While the NCAA Tournament's East Regional moves on in the Carrier Dome, the season is over for Syracuse University.

When the Orange's loss to Butler was announced just before the end of West Virginia's Sweet 16 victory over Washington on Thursday night, there was a sudden gasp from the people in attendance in the Carrier Dome. The sports page of the Syracuse Post-Standard read: "Inconsolable."

One Dome security member mumbled Friday, "I'm glad we only have one more day of this. I wanted Syracuse to win."

Instead of cheering on the Orange today, Central New York will watch No. 2 seed West Virginia play No. 1 Kentucky with the winner advancing to the Final Four.

Indeed, it was a crushing blow that ruined a potentially magical season at Syracuse. The way the Orange played last week during the first and second rounds in Buffalo, at least a chance at playing for the national championship seemed realistic.

When asked if he could put the season in perspective, senior guard Andy Rautins said, "I think maybe down the line we will. But losing never feels good, especially at this point in the season. For a team that had such high aspirations, I don't think we're going to be able to see the good side of it for a while."

Junior Wesley Johnson, who likely played his final game for Syracuse, said the team accomplished a lot and expectations were high.

"The games we won, winning the Big East outright, we got a lot to be happy about it," Johnson said. "But it's always not good to lose like this, though."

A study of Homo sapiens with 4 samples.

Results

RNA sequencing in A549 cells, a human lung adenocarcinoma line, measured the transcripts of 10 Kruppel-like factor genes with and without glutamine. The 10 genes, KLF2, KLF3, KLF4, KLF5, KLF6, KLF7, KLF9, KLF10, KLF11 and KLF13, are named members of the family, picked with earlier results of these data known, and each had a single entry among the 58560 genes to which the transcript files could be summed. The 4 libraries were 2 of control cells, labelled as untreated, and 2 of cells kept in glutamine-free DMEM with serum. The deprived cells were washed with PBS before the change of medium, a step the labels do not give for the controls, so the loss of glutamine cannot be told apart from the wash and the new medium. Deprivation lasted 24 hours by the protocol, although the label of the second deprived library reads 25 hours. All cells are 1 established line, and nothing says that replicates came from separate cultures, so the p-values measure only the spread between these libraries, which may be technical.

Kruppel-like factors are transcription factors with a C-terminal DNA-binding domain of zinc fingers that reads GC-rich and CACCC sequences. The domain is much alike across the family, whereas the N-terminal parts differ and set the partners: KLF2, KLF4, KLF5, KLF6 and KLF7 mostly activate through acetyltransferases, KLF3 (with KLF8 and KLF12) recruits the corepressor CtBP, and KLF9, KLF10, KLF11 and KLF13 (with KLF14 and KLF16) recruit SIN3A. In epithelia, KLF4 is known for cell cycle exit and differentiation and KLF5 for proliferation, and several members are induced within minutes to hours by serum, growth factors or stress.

West Virginia has six players on its roster from New York or Jersey, including top three scorers Da'Sean Butler, Kevin Jones and Devin Ebanks. The Big East Freshman of the Year was Cincinnati's Lance Stephenson, who groomed his game on Coney Island.

Kentucky coach John Calipari said it's the New Yorkers' mental and physical toughness that set them apart.

"They are just hard-nosed kids," Calipari said. "They know if you want something you have to go after it. It's not going to be given to you, and that you have to work. They're not afraid. They've been in environments that prepare them."


With nine minutes left in Thursday's win over Washington, Butler fell hard to the floor and landed on his right arm. He was on the court for several seconds before jumping up and continuing to play.

"My hand is good to go," Butler said. "I'm taking care of things, precautionary reasons. I'm taking care of things before it gets to a certain level where I can't do anything with it."


When it came to his recruitment, Patterson didn't seriously consider Marshall but former West Virginia coach John Beilein recruited him heavily and may have landed the prep All-American had he not taken the Michigan job.

"I talked to Coach Beilein a couple of times," Patterson said about the former Canisius College coach. "I went to the campus and met with coach Beilein, a couple of the players and saw the facilities. I liked it. It was home and all my friends were going there."

After Beilein left, Patterson eliminated the Mountaineers and was down to Kentucky and Florida before selecting the Wildcats. Still, coach Bob Huggins tried to make a last-minute pitch for Patterson when he replaced Beilein.

"Coach Huggins came in and picked up where [Beilein] left off in talking to me," Patterson said. "By that time, I had been interested in Kentucky."